Welfare Magnets, Border Effects or Policy Regulations: What Determinants Drive Migration Flows into the EU?
AbstractIn recent years, there has been a lack of empirical work devoted to the explanation of migration patterns into the European Union with the exception of country specific studies. At the same time, migration theories have undergone a considerable renewal, which has led to the development of new variables for explaining migration decisions. Three of them are of particular interest in the EU case, namely welfare magnets, border effects and policy regulations. This paper aims at explaining recent migration trends into the EU. A first contribution is to provide an original eclectic theoretical model from the new developments in migration theories. Second, an empirical panel data model is developed in order to explain the emigration rate into 18 EU countries, from 67 source countries over the past 10 years. Finally, this model simultaneously tests the impact of the traditional and the new variables on migration flows into the EU. From both static and dynamic panel data estimators, the results show that the new variables are of particular significance, compared to traditional ones.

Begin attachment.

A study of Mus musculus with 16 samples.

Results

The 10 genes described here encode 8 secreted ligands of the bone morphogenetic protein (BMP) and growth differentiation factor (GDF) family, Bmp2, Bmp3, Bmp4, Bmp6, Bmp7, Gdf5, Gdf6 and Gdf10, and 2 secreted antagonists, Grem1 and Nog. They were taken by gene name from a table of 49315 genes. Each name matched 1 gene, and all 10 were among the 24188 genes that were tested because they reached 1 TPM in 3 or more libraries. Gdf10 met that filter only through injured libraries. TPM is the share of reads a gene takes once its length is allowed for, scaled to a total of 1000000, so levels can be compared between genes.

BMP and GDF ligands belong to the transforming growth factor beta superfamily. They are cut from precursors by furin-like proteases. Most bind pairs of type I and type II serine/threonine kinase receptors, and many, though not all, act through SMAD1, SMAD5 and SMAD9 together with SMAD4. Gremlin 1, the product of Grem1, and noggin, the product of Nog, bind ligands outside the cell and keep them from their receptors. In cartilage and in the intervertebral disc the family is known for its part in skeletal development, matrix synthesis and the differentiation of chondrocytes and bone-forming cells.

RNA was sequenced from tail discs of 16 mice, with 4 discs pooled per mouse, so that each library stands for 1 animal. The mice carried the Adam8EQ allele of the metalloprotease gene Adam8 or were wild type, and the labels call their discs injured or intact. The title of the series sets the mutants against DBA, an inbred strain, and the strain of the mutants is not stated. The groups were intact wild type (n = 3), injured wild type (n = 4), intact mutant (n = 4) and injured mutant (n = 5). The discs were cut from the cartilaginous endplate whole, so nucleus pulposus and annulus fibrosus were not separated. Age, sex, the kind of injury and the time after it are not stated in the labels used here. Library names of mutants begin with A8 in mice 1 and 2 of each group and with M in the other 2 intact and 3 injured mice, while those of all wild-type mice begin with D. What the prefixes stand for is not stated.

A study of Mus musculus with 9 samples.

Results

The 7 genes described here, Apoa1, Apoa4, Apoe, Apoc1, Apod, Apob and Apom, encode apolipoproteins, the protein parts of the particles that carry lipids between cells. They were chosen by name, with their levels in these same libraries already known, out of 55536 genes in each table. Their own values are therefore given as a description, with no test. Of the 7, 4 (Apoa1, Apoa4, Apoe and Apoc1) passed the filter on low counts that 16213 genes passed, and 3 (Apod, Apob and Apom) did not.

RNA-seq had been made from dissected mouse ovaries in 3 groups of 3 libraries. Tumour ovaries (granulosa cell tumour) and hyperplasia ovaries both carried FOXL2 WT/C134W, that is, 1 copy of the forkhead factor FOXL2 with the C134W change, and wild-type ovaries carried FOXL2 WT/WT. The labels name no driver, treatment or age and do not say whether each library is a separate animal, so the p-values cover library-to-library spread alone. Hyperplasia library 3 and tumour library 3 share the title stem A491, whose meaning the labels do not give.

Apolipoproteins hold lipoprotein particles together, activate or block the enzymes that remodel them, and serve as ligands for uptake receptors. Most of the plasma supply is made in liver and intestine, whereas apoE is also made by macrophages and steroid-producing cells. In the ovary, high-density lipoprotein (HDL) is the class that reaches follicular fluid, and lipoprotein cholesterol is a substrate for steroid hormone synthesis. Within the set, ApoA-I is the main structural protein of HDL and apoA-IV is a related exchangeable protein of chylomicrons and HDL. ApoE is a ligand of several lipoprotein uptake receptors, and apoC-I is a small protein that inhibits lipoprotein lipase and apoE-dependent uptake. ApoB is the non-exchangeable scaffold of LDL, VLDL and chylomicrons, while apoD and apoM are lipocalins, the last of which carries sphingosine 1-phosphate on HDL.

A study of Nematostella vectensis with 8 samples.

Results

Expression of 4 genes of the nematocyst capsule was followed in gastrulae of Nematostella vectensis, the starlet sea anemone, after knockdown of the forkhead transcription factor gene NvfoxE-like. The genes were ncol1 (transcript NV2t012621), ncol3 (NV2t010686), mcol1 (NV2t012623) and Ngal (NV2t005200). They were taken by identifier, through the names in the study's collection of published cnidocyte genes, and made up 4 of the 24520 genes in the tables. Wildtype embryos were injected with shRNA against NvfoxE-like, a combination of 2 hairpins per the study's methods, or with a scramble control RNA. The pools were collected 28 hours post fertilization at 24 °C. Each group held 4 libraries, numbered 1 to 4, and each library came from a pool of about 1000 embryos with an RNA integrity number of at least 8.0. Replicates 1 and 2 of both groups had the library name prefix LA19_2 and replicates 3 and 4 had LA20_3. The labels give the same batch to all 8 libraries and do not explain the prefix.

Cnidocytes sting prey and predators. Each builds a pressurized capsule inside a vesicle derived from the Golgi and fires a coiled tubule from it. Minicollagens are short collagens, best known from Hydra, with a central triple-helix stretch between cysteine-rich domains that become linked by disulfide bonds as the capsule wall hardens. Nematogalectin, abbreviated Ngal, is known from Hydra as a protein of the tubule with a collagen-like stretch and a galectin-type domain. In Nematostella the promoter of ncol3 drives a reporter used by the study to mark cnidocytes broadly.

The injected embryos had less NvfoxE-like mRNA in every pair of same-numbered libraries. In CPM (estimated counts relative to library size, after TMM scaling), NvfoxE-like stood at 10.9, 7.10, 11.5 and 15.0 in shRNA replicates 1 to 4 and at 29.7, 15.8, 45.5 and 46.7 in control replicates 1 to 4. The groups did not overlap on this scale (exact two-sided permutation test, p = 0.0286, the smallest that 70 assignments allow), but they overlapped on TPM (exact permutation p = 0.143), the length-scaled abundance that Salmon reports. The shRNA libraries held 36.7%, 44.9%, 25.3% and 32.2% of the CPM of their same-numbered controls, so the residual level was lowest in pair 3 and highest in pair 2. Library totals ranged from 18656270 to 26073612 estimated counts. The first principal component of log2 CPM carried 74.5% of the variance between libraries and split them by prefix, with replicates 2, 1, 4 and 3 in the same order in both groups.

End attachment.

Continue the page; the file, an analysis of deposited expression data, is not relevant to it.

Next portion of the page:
Volume (Year): 6 (2006)
Issue (Month): 4 (November)
- Kox, Henk L.M., 2011. "The future of the fence around the European labour market," MPRA Paper 31722, University Library of Munich, Germany.
- Robert Shelburne & Jose Palacin, 2007. "Remittances in the CIS: Their Economic Implications and a New Estimation Procedure," ECE Discussion Papers Series 2007_5, UNECE.